Colorado lawmakers clash over bills to protect transgender use of chosen name

DENVER (AP) — Colorado’s House was tense Friday morning as the Democratic majority pushed two bills through the chamber that would protect transgender people’s chosen names: one allowing those convicted of a felony to change their name to conform with their gender identity and another requiring school staff use a student’s chosen name.

These are the latest in a slew of bills across the country that have precipitated a national tug of war. Democrat-controlled legislatures including Hawaii and New Jersey have introduced bills similar to Colorado’s, while Republican lawmakers in Idaho, Kansas, Wyoming and Louisiana are digging their heels with bills in the opposite direction.


“I am patently offended by the generalization and characterization of trans people with crimes against children,” said Democratic Rep. Brianna Titone, a transgender woman, as she stared at Republicans in the chamber. “I won’t stand for that.”

Both bills passed the House roughly on party lines and are now headed to the Senate for further debate.

Republicans pushed back on the bill to allow those convicted of a felony to change their names to match their gender identity, arguing that it would allow those who committed future crimes to hide behind a new name.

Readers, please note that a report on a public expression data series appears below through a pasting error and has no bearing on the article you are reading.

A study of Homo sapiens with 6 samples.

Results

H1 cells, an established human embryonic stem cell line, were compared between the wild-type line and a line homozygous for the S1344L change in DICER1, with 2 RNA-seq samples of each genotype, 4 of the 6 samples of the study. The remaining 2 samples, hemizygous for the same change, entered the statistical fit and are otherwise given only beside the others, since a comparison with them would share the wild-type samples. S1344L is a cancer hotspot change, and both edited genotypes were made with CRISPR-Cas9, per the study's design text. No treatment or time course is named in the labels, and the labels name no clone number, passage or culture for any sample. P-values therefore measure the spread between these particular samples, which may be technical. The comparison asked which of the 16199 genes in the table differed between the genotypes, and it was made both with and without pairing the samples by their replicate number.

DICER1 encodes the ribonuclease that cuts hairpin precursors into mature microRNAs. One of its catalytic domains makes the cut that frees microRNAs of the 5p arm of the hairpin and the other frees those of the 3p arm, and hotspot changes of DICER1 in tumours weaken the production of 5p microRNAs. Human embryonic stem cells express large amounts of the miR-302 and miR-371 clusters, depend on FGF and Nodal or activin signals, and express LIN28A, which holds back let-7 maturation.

“Thank you for helping them if they want to do criminal activities, thank you for helping them cloak their identity,” said Republican Rep. Richard Holtorf.

Democrats pointed out that a name change would still have to be signed off on by a judge, and that the ability for someone convicted of a felony to change their name has existed for years in cases of marriage and adoption.

“If this was really about saying, ‘People with felonies should not be able to change their names,’ and not just one group of people, we would’ve heard that any woman who’s committed a felony is trying to hide when she want’s to get married,” said Rep. Jennifer Bacon, Democrats’ assistant House majority leader.

Chosen names in Colorado schools

The second bill debated Friday would require school staff use students’ chosen names and make it a form of discrimination not to. Democratic Rep. Jennifer Parenti described how her transgender teenager first started using their chosen name at school before later speaking with Parenti.

“I looked at them and I said, ‘I’m sorry if I ever gave you the impression that this wouldn’t be okay,’” said Parenti, eyes welling with tears. But “it makes sense … that someone might want to try something this difficult out in a safe space before talking to their parents about it.”



Bedayn is a corps member for the Associated Press/Report for America Statehouse News Initiative. Report for America is a nonprofit national service program that places journalists in local newsrooms to report on undercovered issues.